OK, here’s the scoop, in a less techno-babbled/marketing mumbo-jumbo/lawyer-powered manner.  Cell phones use radio signals.  You probably knew that already.  Radio signals require antennas.  You probably knew that, too.   The problem with the iPhone 4 is pretty simple.  Hold it wrong, and you ground out the antenna.

Past phones had an antenna sticking up from the top of the phone, or had one you could extend for use.

Radio signals used by cell phones are in the same bands, or higher, as microwaves.  Yeah, like in your microwave oven!  Since microwaves can cook stuff, it’s not a good idea to have them zapping your brain every time you use the phone, so the FCC developed standards to reduce exposure.  Now, there are no currently accepted scientific studies that indicate any danger from cell phone usage, and the industry will tell you they are perfectly safe, but it’s good to err on the side of caution with stuff like this.  You can read a good explanation, not overly technical, here. Earlier incarnations of the iPhone, and most other current phones, have the antennas embedded inside the case, near the bottom of the phone, away from the user’s brain.  By moving the antennas outside the case, Apple has opened up a can of electromagnetic worms.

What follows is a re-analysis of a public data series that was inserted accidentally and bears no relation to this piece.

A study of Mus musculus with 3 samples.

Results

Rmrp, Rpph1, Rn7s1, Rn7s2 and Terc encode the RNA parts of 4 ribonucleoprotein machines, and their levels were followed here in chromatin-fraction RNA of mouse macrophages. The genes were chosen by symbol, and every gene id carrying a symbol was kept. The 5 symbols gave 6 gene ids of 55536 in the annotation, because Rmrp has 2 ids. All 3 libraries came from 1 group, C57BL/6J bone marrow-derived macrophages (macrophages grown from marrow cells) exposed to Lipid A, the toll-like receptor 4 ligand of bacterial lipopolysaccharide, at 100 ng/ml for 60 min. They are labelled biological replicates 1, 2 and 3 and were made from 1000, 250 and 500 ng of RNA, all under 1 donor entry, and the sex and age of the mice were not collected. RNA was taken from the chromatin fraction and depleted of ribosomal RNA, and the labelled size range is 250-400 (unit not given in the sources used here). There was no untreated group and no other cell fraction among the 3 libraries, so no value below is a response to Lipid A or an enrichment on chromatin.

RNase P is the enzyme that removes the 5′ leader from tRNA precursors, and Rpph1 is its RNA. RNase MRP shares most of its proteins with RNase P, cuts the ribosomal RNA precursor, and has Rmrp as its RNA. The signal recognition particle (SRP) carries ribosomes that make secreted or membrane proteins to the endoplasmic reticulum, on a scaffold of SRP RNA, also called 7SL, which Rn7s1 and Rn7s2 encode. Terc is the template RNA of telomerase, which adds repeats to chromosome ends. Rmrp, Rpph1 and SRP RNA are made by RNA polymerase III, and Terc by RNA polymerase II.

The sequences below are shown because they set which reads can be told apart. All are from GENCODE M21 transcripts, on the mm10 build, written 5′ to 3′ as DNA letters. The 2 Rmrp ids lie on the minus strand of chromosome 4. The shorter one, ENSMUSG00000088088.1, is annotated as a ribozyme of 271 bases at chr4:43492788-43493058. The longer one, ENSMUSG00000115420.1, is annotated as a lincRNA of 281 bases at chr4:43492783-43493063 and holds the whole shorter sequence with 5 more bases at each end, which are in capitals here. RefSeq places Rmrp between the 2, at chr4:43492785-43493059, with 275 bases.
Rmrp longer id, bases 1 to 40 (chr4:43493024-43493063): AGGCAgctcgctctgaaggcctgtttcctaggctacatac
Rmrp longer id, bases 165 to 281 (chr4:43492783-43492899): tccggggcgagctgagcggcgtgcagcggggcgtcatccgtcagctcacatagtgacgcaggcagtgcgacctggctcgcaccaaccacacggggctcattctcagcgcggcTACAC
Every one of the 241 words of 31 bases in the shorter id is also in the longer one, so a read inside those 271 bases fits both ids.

Here’s the problem:

This is the lower left side of the phone, as you look at the screen.  The black band separates the two antenna systems from each other.   You can see the layout of the antenna systems in the top picture.  There is another break between the two antennas on the top of the phone, but since few users touch the top of the phone in normal conversation, it’s not generally a problem.

Holding the phone as shown in this picture from PocketLint.com shows how the antenna system for the phone call is being shorted to the WiFi-BlueTooth-GPS antenna by the users palm.  Imagine the mirror image of this photo, and notice where the users fingers are located.  A person holding the phone in their right hand  still has a good chance to ground out the antenna.

Grounding out antennas is bad.  It’s very technical to explain, so I won’t go into it here, but antenna design is very critical to the proper operation of cell phones.  The signal from a cell phone is very weak, and anything that reduces that signal is a bad thing.   In an area where there are a lot of cell sites, and the user is never very far from one, an iPhone 4 owner might never notice any problems.  In areas where the cell site footprints are much larger, like here in Visalia, the greatly reduced signal from a grounded-out antenna could be a significant problem.

The solution?  Get a case.  That way you can’t ground out the antenna, and you can enjoy all the new features of the latest Apple money-grab… er, …  innovation in phone technology!

If you want a more technical explanation of what happens to a radio hooked up to an antenna that is grounded or shorted, ask your friendly HAM radio operator.  He (or she) will tell you all about it!